A Very Happy and Peaceful Christmas to everyone, from all the staff.
We are well into the season of Carol Services, of which there are many in our three churches, and although I battle with myself at this time of year, desperately wanting us to be able to mark Advent properly, it is a time when many hundreds of people pass through the doors of our churches who normally we wouldn't see at any other time. This always causes a mixture of responses! Some resent the intrusion. Some worry about the image of Christian Faith that is portrayed if this is the only observance that people keep, and Christmas Carols are the only hymns that are widely known today. Others are able to rejoice that at least for one season, we see the churches full.
Last week I had to go to London for a couple of meetings. I arrived good and early, which is unusual for me, so I walked down to Westminster from St Pancras. I decided to collect my thoughts for a short time in St Martins-in-the Fields, a church which in so many ways is like St Peter's – only bigger in every aspect of its ministry! Quiet was what I was hoping for, but I suppose I should have known better! St Martin's is not really the place to go for quiet. Many people who have faced the night cold and antagonism of the streets of London retreat into the warmth and security of the church as soon as the doors open. They are neither noisy nor disrespectful. Most of them sleep most of the time in different corners of the building. So, as I entered, I was greeted by what at first sight was a sharp dysfunction – a glorious, late baroque, royal interior inhabited by what society would so easily describe as the left-overs of humanity. But far from quiet, St Martin's was filled with the sound of its magnificent organ. An organist was clearly preparing for a Carol Service, sorting out his registrations for 'O Come all ye Faithful'. (Bear in mind this was before Advent had even begun!!)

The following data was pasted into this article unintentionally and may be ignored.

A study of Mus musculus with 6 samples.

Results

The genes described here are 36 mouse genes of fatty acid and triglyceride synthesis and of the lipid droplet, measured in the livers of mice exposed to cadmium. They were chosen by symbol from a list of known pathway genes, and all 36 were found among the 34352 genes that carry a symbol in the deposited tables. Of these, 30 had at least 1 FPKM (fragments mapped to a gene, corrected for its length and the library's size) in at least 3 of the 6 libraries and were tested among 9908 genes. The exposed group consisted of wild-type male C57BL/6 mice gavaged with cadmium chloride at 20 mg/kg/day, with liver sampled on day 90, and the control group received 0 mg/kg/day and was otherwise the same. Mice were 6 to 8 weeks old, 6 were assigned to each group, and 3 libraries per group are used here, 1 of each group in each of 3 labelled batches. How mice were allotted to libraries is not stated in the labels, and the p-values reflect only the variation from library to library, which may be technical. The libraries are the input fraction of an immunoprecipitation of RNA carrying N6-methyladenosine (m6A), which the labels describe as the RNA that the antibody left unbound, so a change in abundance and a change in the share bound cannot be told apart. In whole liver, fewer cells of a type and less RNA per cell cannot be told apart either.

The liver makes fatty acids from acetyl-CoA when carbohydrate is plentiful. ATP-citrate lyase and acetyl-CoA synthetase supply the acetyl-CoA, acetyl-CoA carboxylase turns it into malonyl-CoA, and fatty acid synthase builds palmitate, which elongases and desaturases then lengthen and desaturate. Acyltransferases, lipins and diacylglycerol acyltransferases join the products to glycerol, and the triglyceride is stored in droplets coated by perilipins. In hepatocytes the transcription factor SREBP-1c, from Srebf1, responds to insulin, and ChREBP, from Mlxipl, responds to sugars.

I sat for twenty minutes, my mind full of confusion (not necessarily the best preparation for the up-coming meetings) and my spine tingling. Firstly I was taken back to times before I was enmeshed in the politics of being Church, when Christmas was indeed a tingly time. Excitement, hope, expectation, celebration, tradition – where has it gone? My childish reminiscences may be associated more with physical than with spiritual gifts, but I caught myself longing for just a little dose of that simplicity and childlike wonder of years past. (By the end of the Carol Service season, and the anxieties of trying to offer carol services that are both wonder-full and connected to the real world, while not upsetting anyone, Boxing Day really becomes a day of relief!) But this most traditional of buildings, ornate and glorious, not at all like the birth-place of Christ, still provides in the midst of the very traditional Christmas celebrations, shelter to the homeless, the refugee, the cast-off – un-patronising, with strict rules of behaviour, but un-questioning. It is safe space and it is hospitable. And when we dissect our Christmas carols – the best of them anyway – and the Christmas Story, that is what is expected of us. The privilege and the challenge of being hospitable to God, incarnated in the person of humanity, all humanity. So when I come up the steps to St Peter's and am confronted by three or four people, often the worse for wear in one way or another, and am irritated by them and their behaviour, the challenge of the Incarnation to my faith and my witness is made real.
Again, a very Happy Christmas to all.